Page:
Frieda Watt loves history. She is one of those people who spends most of her weekends dragging her kids to the museums and National Historic Sites of Canada. She also writes books. Actually, The Displaced is her first book but she has been writing since before she could spell.
In another life, she studied Fashion Arts at Seneca College, which has nothing to do with the books or subjects she writes about.
When not writing or digging through history, Frieda divides her time between her husband, three daughters, two fish, one cat, and triathlons.
In January of 1945, the Halifax Bomber that Tom Daniel was flying in was shot down over West Germany. It was the group’s fourth bombing mission over Europe. Tom was one of the four airmen to survive, although Tom fractured his neck from whiplash as he jumped out of the plane.
Tom endured four months in a German POW camp before being liberated and returning to civilian life. He frequently shared “the story” in an effort to help others understand the true cost of their freedom.
Tom’s son Doug became an avid history buff. He spent his summers with wife and his three kids packed up in the family station wagon, travelling around Canada. It became the family joke that whenever Doug passed a historic plaque, he had to stop to read it. With the invention of digital cameras, those stops became shorter.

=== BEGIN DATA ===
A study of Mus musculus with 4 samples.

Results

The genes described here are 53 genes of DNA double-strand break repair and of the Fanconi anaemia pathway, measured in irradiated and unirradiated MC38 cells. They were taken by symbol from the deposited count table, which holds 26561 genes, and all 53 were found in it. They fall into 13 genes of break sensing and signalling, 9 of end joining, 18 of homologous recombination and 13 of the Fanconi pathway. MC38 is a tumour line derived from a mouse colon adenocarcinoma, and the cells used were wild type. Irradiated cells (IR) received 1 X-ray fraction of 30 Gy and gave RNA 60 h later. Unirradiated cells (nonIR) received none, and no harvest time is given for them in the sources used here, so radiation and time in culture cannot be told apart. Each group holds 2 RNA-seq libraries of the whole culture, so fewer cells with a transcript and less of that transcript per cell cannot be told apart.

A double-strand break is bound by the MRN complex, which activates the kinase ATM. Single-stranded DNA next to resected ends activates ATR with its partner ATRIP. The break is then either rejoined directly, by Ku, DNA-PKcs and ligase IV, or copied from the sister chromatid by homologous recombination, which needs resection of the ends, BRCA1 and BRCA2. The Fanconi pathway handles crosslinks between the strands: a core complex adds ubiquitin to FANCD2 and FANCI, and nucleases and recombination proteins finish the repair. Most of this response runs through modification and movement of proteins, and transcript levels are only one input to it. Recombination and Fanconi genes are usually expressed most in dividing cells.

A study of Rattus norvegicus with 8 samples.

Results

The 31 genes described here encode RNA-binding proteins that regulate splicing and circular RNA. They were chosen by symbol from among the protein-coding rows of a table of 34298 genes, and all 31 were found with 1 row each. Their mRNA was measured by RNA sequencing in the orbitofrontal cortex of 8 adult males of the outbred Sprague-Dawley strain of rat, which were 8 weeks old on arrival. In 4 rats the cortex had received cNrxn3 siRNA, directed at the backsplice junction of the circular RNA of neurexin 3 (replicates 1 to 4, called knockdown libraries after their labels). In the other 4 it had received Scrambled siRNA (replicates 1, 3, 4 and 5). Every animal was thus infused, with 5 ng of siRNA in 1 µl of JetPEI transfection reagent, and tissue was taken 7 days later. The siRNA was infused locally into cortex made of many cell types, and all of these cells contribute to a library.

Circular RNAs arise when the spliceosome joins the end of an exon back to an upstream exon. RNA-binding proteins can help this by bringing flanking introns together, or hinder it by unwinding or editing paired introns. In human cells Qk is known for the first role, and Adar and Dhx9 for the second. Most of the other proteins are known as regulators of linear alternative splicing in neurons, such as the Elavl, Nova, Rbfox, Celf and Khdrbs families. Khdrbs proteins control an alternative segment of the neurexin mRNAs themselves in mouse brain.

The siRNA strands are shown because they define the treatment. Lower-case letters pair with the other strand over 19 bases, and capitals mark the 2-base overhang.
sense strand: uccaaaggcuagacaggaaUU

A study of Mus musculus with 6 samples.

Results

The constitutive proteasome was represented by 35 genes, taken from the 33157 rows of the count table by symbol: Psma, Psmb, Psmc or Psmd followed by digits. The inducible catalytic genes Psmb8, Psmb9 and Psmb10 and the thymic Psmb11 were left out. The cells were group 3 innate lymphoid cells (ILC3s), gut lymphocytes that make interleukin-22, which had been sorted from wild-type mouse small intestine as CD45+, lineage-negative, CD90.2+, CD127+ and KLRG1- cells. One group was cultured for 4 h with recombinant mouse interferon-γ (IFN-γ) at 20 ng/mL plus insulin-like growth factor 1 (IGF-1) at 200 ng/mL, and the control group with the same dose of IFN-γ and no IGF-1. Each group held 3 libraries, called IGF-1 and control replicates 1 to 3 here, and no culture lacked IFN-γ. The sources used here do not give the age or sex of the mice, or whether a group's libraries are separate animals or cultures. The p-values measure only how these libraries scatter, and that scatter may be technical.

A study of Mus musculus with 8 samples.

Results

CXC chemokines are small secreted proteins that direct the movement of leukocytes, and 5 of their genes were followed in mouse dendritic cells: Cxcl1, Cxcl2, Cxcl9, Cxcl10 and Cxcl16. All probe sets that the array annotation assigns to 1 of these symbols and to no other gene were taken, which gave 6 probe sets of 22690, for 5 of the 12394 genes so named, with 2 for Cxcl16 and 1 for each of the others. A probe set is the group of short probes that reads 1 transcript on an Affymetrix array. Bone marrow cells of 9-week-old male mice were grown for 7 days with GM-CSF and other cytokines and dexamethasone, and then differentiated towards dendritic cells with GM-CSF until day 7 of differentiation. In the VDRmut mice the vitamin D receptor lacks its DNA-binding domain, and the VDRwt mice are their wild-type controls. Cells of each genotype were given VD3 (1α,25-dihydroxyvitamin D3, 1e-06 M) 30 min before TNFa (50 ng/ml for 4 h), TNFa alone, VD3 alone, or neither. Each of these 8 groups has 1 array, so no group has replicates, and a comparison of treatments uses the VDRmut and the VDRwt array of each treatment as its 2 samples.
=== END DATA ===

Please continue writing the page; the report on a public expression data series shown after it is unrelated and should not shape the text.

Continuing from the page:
My Grandpa Tom’s story and my Dad’s love of history inspired me to dive deep into history. In school and documentaries, we are shown the “big picture”, what the cost of events are to countries and the world as a whole.
The individual stories of the thousands of people who made up these big events are what fascinate me. While the world is shaped and history is made, ordinary people are trying to live their lives. They do not know or care what impact the events they live through will have on the world. They are living, falling in love, dying, and trying to make their time on this earth matter.